Ingress of Chemicals into Human Body

Chemical substance cause adverse health effects by either entering the body or coming in contact with it. There are four main routes for chemical substances to enter the human body :

  • Inhalation (breathing in)
  • Absorption (through the skin or eyes)
  • Ingestion (eating, swallowing)
  • Transfer across the placenta of a pregnant woman to the unborn baby

As already introduced above, the common chemical groups that cause health risks are: dusts, fumes and gases, solvents, acids, bases, heavy metals etc. Many chemicals may be dispersed into the air to form dust, mist, fumes, gas or vapour and can then be inhaled. Skin absorption is, after inhalation, the second most common route through which exposure may take place. Handling chemical substances without proper protection exposes one to the risk of absorbing harmful amounts of chemical through the skin. This usually happens when handling the chemical in liquid form. Dust may also be absorbed through the skin if it is wetted by, for instance, sweat. The capacity of different chemical substances to penetrate the skin varies considerably. Some substances pass through it without creating any feeling [].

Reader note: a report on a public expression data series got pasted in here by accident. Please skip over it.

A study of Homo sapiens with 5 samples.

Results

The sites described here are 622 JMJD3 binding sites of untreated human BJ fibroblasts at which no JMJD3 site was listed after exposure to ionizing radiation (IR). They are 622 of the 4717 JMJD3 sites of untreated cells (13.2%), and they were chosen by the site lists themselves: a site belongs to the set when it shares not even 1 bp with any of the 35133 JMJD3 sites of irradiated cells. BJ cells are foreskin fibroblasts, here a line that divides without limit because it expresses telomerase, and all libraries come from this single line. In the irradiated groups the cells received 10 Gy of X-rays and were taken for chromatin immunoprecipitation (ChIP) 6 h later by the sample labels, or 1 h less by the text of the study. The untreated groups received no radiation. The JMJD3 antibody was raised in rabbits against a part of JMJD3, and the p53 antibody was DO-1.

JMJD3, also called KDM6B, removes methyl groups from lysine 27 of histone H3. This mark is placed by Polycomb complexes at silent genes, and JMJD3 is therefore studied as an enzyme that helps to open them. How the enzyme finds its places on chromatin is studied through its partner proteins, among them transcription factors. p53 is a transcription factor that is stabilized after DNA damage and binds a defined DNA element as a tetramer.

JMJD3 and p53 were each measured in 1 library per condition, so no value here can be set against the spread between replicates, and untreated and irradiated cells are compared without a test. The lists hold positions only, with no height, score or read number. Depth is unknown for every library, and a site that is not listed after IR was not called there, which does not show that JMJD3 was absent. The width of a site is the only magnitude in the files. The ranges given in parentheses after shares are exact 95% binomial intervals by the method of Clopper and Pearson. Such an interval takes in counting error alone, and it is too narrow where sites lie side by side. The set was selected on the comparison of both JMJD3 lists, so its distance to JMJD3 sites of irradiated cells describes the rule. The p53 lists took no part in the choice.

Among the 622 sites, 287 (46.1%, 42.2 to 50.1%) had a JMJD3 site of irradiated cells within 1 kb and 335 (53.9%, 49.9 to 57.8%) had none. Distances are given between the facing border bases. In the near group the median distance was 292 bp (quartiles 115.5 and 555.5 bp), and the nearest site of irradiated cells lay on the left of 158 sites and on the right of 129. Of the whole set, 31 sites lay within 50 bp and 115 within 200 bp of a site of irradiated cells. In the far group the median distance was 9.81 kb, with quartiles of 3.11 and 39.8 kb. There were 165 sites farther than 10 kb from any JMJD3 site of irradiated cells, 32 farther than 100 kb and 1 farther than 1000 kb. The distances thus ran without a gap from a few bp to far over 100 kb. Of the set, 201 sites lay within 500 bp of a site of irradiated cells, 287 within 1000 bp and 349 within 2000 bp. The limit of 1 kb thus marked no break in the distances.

The protective external layer of skin may be softened (by toluene, dilute washing soda solution, etc) thus permitting other chemicals to enter readily into the bloodstream (such as aniline, phenol, benzene, etc). Eyes may also absorb chemical substances, either from splashes or from vapours. Dangerous chemicals can enter the body through ingestion as gases, dusts, vapours, fumes, liquids or solids. Inhaled dust may be swallowed, and food or cigarettes may be contaminated by dirty hands.

Whatever the route of entry, chemicals can reach the blood stream and be distributed all over the body. In this way damage can be caused at the site of entry as well as to organs distant from the exposed area. Chemical exposure may also cause adverse impacts at systemic levels: such as nervous and reproductive systems [Refs. 2, 5].